Hair of the Dog? Squeaker Toy Is Expressive Work
Addressing whether a dog toy meant to humorously evoke a bottle of whiskey was entitled to First Amendment protection, the US Court of Appeals for the Ninth Circuit held that the toy was a protectable expressive work. The Ninth Circuit vacated and remanded the district court’s finding of trademark infringement, reversed the judgment on dilution, and upheld the validity of the whiskey proprietor’s trademark and trade dress rights. VIP Products LLC v. Jack Daniel’s Properties, Inc., Case No. 18-16012 (9th Cir. Mar. 31, 2020) (Hurwitz, J.).
VIP Products sells the “Bad Spaniels Silly Squeaker” dog toy (on the left above). The design of the dog toy is similar, but not identical, to the Jack Daniel’s (JDPI) whiskey bottle, and some of the textual elements vary as well. For example, JDPI’s “Old. No. 7” has been replaced by “Old No. 2” on the dog toy, and underneath this text, VIP’s product says “On Your Tennessee Carpet” where JDPI’s product reads “Tennessee Sour Mash Whiskey.”
JDPI sent VIP a letter shortly after the launch of the Bad Spaniels Silly Squeaker, demanding that VIP stop selling the toy. VIP responded by filing a declaratory judgment action that (1) its product does not infringe or dilute JDPI’s trademark rights, and (2) JDPI’s trade dress and bottle design are not protectable trademarks. VIP also sought to cancel JDPI’s trade dress registration for its bottle design. JDPI counterclaimed, alleging that VIP infringed its state and federal trademark and trade dress rights.
Both parties filed motions for summary judgment. The district court denied VIP’s motion and stated that the defense of nominative fair use was not applicable where the defendant did not use the identical trademark or trade dress. Nor was a First Amendment fair use defense available where the defendant’s product was “a somewhat non-expressive, commercial product,” according to the court. The court granted JDPI’s motion and found that its trade dress and bottle design were protectable because they were “distinctive, non-generic, and nonfunctional.” The court permanently enjoined VIP from selling the Bad Spaniels Silly Squeaker and found that the toy diluted JDPI’s trademark and trade dress rights by tarnishment. VIP appealed.
The Ninth Circuit upheld the district court’s finding on the protectability of JDPI’s trademark and trade dress rights: “Although whiskey companies use many of the individual elements employed by JDPI on their bottles, the Jack Daniel’s trade dress is a combination of bottle and label elements. . . . [T]hese elements taken together are both nonfunctional and distinctive.” Similarly, the Ninth Circuit found that the district court correctly denied VIP’s attempt to cancel JDPI’s trade dress registration for its bottle design, which is entitled to a rebuttable presumption of validity. The Court also agreed with the district court’s finding on nominative fair use, stating that the “differences [between VIP’s product and JDPI’s product] preclude a finding of nominative fair use.”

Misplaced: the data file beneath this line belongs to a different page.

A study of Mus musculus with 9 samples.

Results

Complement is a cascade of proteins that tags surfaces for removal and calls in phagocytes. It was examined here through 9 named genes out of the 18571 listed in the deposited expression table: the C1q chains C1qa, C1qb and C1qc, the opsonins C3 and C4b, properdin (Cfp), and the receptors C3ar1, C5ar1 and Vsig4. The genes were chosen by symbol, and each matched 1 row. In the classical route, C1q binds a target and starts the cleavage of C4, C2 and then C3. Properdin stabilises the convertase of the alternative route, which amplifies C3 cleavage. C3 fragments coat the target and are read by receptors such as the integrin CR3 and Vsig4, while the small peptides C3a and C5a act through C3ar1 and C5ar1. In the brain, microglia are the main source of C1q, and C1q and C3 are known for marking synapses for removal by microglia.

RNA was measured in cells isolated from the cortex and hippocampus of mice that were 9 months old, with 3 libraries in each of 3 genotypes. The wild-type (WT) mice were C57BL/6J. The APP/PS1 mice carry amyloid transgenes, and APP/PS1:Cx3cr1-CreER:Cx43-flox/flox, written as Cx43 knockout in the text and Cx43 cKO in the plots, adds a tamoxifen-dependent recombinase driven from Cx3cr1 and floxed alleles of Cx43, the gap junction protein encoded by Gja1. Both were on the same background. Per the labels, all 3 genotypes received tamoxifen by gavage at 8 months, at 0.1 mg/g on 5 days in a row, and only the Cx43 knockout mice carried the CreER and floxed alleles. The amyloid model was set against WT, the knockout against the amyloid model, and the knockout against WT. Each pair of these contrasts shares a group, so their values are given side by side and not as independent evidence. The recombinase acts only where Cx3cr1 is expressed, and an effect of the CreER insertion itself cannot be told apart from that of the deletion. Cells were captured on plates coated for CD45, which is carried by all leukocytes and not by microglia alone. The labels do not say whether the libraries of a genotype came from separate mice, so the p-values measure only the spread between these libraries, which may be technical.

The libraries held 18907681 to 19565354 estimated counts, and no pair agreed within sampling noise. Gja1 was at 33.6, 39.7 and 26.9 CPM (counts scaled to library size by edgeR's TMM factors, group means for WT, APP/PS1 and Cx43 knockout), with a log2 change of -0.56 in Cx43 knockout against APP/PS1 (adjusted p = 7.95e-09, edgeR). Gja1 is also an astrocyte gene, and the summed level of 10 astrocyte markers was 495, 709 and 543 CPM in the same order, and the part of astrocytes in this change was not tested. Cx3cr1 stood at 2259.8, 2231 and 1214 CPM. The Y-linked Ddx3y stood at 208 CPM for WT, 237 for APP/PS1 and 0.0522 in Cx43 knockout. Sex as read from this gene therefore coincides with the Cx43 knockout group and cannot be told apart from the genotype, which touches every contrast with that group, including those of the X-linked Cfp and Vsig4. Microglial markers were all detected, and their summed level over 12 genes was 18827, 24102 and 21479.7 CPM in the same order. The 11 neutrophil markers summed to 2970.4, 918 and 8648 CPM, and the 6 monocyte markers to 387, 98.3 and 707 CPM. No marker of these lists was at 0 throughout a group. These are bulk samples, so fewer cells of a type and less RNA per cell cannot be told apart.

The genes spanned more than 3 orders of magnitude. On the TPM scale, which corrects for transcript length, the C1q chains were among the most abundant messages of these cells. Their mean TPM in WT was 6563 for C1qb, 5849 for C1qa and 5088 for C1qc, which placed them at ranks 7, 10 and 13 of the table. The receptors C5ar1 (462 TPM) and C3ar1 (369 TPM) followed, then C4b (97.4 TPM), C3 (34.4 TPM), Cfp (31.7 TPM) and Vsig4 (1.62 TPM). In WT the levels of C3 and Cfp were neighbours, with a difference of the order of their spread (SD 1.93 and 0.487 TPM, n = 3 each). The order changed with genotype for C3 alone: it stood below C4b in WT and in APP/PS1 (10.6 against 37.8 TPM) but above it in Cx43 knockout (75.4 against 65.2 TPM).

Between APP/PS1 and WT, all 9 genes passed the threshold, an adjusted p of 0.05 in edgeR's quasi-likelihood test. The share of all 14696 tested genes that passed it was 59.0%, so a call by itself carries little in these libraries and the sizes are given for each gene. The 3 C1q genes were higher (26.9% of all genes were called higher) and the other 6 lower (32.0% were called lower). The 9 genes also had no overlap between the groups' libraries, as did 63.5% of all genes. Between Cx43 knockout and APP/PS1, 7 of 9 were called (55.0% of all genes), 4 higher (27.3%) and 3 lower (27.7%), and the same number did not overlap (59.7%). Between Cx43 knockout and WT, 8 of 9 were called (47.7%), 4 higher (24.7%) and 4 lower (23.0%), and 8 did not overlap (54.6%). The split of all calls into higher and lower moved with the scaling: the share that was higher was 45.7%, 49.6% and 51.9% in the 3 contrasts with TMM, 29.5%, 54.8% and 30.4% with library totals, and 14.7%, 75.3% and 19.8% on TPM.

With respect to the First Amendment defense, however, the Ninth Circuit explained that the district court had failed to consider the toy as an expressive work, noting that “[it] is not rendered non-expressive simply because it is sold commercially.” Pointing to the dog toy’s amusing twists on the serious phrases depicted on the Jack Daniel’s bottle, the Court stated that “the Bad Spaniels dog toy, although surely not the equivalent of the Mona Lisa, is an expressive work.”
Expressive works are not subject to the Lanham Act’s likelihood of confusion test unless the plaintiff first satisfies at least one prong of the Rogers-Grimaldi test, namely (1) the defendant’s product is not “artistically relevant” to the underlying work, or (2) it “explicitly misleads consumers as to the source or content of the work.” The Ninth Circuit therefore vacated the district court’s infringement finding and remanded for further consideration of whether JDPI could satisfy one of the Rogers-Grimaldi requirements.
Finally, the Ninth Circuit reversed the district court’s finding on dilution by tarnishment. The First Amendment protects the humorous message conveyed by the Bad Spaniels Silly Squeaker because the speech “does more than propose a commercial transaction” and is therefore noncommercial: “When the use of a mark is ‘noncommercial,’ there can be no dilution by tarnishment.”